The primary objective of financial statements is to issue information about an entity's financial position, the monetary results of operations, and cash flow in order for businesses to make economic decisions. Through the adoption of financial automation software, companies can ensure that their financial consolidation process is managed in an efficient, seamless, and well-timed manner.
What is a Financial Statement?
Financial statements are essentially a collection of summary-level reports and a detailed record of the financial information of an organization, including the business activities, assets, liabilities, contributed capital, equities, incomes, expenses, cash flow, and the financial performance of a company.
Fundamentally, financial statements are of 5 types - income statement, balance sheet, statement of change in equity, statements of cash flow, and note to financial statements. As such, a company must prepare and subsequently present these financial statements to independent auditors or government agencies as part of their annual report.
An organization’s accounts department or firms hired by the organization can also audit financial statements in order to ensure the transparency and accuracy of all records. Moreover, these reports need to be managed and maintained for the purposes of tax filing, financing, and investing.
Types of Financial Statements
Since financial statements are also a means for decision-makers, investors, and company heads to assess the income potential and financial soundness of an enterprise, it is important to familiarize yourself with the five major types of financial statement reports.
1. Income Statement
The income statement is what companies refer to in order to report an organization’s revenue, expenses, profits, and losses. Also called the profit and loss statement of an enterprise, these statements present the results of a company’s financial and operational activities.
2. Balance Sheet
When businesses want to look into their assets, liabilities, and stockholder’s equity for a specific reporting period, they refer to the balance sheet and its contents. It is also referred to as the statement of financial position.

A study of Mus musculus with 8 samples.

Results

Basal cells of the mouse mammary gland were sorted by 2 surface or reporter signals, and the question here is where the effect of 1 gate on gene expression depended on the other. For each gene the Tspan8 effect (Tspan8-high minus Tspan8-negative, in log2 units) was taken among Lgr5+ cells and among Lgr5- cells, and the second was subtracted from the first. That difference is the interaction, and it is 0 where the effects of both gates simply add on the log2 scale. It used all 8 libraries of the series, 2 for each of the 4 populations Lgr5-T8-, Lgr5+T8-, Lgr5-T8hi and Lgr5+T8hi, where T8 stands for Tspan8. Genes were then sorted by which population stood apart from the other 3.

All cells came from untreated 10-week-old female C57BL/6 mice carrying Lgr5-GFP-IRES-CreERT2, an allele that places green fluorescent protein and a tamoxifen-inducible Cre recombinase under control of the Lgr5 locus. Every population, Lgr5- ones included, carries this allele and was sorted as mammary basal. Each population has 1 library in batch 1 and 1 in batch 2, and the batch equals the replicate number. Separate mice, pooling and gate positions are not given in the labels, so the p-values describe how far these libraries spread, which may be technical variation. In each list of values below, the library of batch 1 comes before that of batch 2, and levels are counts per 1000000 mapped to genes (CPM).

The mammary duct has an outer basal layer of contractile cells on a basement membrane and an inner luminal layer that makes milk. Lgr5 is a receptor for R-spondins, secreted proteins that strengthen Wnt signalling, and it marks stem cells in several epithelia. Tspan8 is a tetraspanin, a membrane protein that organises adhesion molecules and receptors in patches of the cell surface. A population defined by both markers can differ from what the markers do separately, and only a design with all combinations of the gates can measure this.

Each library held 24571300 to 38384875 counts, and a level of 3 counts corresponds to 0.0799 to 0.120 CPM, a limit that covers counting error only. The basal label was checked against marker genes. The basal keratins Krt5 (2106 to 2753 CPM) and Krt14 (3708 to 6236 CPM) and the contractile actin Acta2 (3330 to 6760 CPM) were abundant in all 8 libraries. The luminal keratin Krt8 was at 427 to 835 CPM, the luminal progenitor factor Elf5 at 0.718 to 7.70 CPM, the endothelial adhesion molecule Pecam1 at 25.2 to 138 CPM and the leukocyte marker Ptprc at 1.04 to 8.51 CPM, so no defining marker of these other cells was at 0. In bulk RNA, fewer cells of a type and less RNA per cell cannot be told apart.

3. Statement of Changes in Equity
The statement of change in equity presents every shareholder contribution as well as movement in equity (the difference between assets and liabilities from one accounting period to another). As such, the information in these reports includes share capital, retained earnings, dividend payment, and other reserves-related information.
4. Statement of Cash Flow
As the name suggests, statements of cash flow present a detailed report of a company’s cash flow for a specific reporting period. The statement itself includes three kinds of cash flows; cash flows from operations, cash flows from investing and cash flows from financing.
5. Notes to Financial Statements
These reports are essentially detailed assumptions made by company accountants while preparing the business’s income statement, balance sheet, statement of changes in equity, and statement of cash flow. These notes are made with the sole intention of auditors and financiers being able to understand the different types of financial statements.
Use cases of Financial Statements
When it comes to making long-term business-related decisions, the first thing company owners and decision-makers do is comb through the financial statements of the organization.
If the CEO or manager of a manufacturing enterprise has decided to continue or discontinue an aspect of the business, buy, rent, or lease production equipment, they’re going to first ask the accounting department to do a financial analysis of company reports.
As such, once accountants and auditors go through the income statement of that particular fiscal year or accounting period and present their findings, only then can financers make an investment decision accordingly.
What do companies do when they want to know how viable their current business plan or venture is? -- They make an analysis of the cash flow from operating activities.
Maintaining a complete report of the net amount of funds that are either coming in or being spent on a day-to-day basis by an organization allows it to look into and invest in future ventures as well.
Why adopting an automation software that extracts data from Financial Statements is ideal
It is given that a business’s accounting department possesses all sorts of processes in place in order to create monthly, quarterly, and yearly financial statements. But maintaining and managing these reports is a task in itself.
If companies are used to managing accounting reports manually or by using software that does only part of the job, the finance team ends up spending much of their time gathering data from one software and dumping it into excel sheets and other documents in order to put it into a standardized format.
Then there’s all that time spent in checking the accuracy of the information, editing and renaming information, and so forth.
But with the aid of intelligent Optical Character Recognition (OCR) software, such as the one provided by Docsumo, you no longer have to worry about customizing and analyzing data such as the income, profits & losses, and balance sheet statements of your business since the entire process is automated and can be completed within minutes.
Essentially, Docsumo’s OCR software does the job of reading and extracting data from all kinds of financial statements that are in the form of image files, PDF, or other file formats. As such, what would have taken hours of work can now be completed in a few clicks.